Going After the Noble Prize

Mike Johnson

Are you going after “The Noble Prize”? You might think, “How can I go after that prize? I don’t know anything about physics, chemistry, or physiology. I am not involved in the field of literature. I am not a well-known person who has done a lot for world peace. This prize is not within my reach.” If that is what you think, you have misunderstood the question. I did not ask about the Nobel prize but the Noble prize. The noble prize is actually more valuable than the Nobel prize. What is the Noble prize? It is not actually a prize in the sense of the Nobel prize. However, being “noble” is something we need to pursue.

Acts 17:1-9 tells of Paul and Silas at Thessalonica. Some believed their preaching and others did not. Those who did not believe tried to apprehend Paul and Silas but were unsuccessful. The preaching of Paul and Silas had caused quite a controversy. However, at the next stop, Berea, they were met with a completely different attitude. Acts 17:11 says of the Bereans, “These were more noble than those in Thessalonica, in that they received the word with all readiness of mind, and searched the scriptures daily, whether those things were so.”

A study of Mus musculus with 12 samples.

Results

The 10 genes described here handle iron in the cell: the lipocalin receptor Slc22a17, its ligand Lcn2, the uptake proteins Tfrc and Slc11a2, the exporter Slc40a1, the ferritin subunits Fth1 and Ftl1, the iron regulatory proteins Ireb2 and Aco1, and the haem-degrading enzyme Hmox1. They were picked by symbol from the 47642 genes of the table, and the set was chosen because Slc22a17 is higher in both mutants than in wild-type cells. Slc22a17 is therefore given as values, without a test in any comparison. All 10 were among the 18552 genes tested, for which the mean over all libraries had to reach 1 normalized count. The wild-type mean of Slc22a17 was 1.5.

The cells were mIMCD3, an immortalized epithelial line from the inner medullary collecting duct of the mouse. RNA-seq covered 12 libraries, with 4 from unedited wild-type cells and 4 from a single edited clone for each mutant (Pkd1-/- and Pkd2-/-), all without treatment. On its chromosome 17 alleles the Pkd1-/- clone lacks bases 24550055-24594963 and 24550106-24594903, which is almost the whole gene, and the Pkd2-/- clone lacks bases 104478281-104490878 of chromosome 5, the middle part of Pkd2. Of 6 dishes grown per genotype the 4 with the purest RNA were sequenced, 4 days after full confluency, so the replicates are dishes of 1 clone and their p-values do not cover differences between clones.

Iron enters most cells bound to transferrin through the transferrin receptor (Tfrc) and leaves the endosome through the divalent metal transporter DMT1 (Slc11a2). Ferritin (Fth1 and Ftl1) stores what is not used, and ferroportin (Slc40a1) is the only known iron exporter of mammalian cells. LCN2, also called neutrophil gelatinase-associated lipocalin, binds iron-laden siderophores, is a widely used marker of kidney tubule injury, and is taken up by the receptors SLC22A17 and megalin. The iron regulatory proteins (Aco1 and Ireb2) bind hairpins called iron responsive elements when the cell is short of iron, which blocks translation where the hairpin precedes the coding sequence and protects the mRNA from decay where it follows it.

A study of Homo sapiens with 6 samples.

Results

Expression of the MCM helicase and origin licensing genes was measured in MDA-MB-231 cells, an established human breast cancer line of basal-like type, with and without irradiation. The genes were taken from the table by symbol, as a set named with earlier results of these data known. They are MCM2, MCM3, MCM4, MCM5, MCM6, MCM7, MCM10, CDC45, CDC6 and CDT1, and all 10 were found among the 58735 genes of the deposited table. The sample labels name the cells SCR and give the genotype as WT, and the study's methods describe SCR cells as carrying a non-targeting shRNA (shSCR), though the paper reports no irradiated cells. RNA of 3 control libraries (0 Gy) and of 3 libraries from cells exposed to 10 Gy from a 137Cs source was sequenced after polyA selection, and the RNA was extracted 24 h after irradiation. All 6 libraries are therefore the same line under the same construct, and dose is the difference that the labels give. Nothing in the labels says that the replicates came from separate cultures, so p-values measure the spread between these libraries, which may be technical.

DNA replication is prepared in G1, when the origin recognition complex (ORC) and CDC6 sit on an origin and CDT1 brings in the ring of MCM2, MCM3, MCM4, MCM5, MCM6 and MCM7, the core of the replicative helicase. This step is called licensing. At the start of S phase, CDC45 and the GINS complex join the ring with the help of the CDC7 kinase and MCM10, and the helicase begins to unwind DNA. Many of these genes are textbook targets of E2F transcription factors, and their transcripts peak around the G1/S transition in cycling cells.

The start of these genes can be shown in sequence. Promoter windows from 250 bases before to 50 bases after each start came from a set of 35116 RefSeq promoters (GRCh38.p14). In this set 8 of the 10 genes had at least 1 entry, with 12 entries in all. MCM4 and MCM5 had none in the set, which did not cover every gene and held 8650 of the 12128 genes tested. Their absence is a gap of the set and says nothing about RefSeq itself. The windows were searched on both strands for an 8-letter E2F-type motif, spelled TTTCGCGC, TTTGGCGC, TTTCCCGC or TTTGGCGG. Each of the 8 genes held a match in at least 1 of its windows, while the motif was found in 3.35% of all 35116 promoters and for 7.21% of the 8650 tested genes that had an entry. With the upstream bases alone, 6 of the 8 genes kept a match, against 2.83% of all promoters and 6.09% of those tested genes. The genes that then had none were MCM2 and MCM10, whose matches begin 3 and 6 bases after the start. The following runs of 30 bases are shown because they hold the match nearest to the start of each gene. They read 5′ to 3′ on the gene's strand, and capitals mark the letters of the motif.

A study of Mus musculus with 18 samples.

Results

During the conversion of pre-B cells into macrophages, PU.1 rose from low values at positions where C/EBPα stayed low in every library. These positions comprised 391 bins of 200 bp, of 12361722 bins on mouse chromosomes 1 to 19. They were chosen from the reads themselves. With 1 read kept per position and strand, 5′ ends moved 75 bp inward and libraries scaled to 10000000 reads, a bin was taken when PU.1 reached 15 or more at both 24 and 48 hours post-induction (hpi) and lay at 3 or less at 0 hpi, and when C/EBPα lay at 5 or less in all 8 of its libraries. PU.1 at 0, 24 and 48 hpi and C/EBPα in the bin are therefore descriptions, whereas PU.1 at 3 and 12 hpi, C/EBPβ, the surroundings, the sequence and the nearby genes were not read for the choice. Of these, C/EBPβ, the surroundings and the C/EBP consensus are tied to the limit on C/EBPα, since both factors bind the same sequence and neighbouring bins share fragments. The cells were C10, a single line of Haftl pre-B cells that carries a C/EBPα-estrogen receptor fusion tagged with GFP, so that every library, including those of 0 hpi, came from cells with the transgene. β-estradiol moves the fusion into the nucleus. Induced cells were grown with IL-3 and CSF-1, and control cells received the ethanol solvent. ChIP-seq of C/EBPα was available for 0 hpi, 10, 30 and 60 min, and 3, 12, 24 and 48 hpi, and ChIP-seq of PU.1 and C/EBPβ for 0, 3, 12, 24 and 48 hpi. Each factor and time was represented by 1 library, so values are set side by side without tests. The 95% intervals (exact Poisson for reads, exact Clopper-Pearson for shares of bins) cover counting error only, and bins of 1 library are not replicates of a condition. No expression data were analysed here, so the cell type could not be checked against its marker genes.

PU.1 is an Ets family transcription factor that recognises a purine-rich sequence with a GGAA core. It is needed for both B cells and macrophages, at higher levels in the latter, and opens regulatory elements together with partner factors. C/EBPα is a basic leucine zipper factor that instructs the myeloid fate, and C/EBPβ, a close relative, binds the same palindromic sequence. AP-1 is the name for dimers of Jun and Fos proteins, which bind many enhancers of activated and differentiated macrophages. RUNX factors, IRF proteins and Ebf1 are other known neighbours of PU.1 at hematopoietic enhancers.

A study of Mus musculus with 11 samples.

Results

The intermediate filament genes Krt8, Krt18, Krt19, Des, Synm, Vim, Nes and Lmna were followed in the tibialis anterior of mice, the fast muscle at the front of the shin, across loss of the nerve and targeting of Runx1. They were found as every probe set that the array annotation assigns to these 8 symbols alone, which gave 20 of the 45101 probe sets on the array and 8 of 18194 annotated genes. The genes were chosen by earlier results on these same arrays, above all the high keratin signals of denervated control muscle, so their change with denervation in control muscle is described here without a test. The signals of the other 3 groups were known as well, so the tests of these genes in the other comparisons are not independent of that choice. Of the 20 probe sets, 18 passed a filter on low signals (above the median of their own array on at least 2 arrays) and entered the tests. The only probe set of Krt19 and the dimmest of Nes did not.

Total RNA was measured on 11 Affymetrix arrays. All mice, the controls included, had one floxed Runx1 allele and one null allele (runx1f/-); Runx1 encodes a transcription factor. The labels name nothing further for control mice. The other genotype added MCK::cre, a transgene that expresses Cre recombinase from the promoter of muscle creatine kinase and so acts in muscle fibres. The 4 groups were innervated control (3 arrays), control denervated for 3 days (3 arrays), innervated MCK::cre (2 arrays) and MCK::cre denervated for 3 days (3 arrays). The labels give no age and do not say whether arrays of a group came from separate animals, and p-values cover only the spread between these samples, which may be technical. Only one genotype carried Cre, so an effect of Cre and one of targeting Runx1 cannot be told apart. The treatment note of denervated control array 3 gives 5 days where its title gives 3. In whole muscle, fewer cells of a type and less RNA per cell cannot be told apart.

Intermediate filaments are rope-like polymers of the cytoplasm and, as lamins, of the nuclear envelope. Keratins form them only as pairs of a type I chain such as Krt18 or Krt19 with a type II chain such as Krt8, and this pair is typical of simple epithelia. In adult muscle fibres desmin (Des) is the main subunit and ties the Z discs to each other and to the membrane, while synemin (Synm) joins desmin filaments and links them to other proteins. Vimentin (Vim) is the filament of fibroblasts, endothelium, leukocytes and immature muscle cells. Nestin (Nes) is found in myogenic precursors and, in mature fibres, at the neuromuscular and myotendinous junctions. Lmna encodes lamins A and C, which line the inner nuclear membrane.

The Bereans were more noble. Why were they called that? First, they received the word with all readiness of mind.” Also, they “searched the scriptures daily, whether those things were so.” The Bereans were not a group who accepted anything they heard which seemed right. No, they examined the teachings they heard. They knew false teachers existed, and they wanted to make sure that what they accepted was the truth. They were an examining audience.

The Bereans were going after a noble prize. Are we doing the same thing? Are we willing to receive the word and search the Scriptures to make sure that what we hear taught is the truth? Let us all seek the NOBLE PRIZE!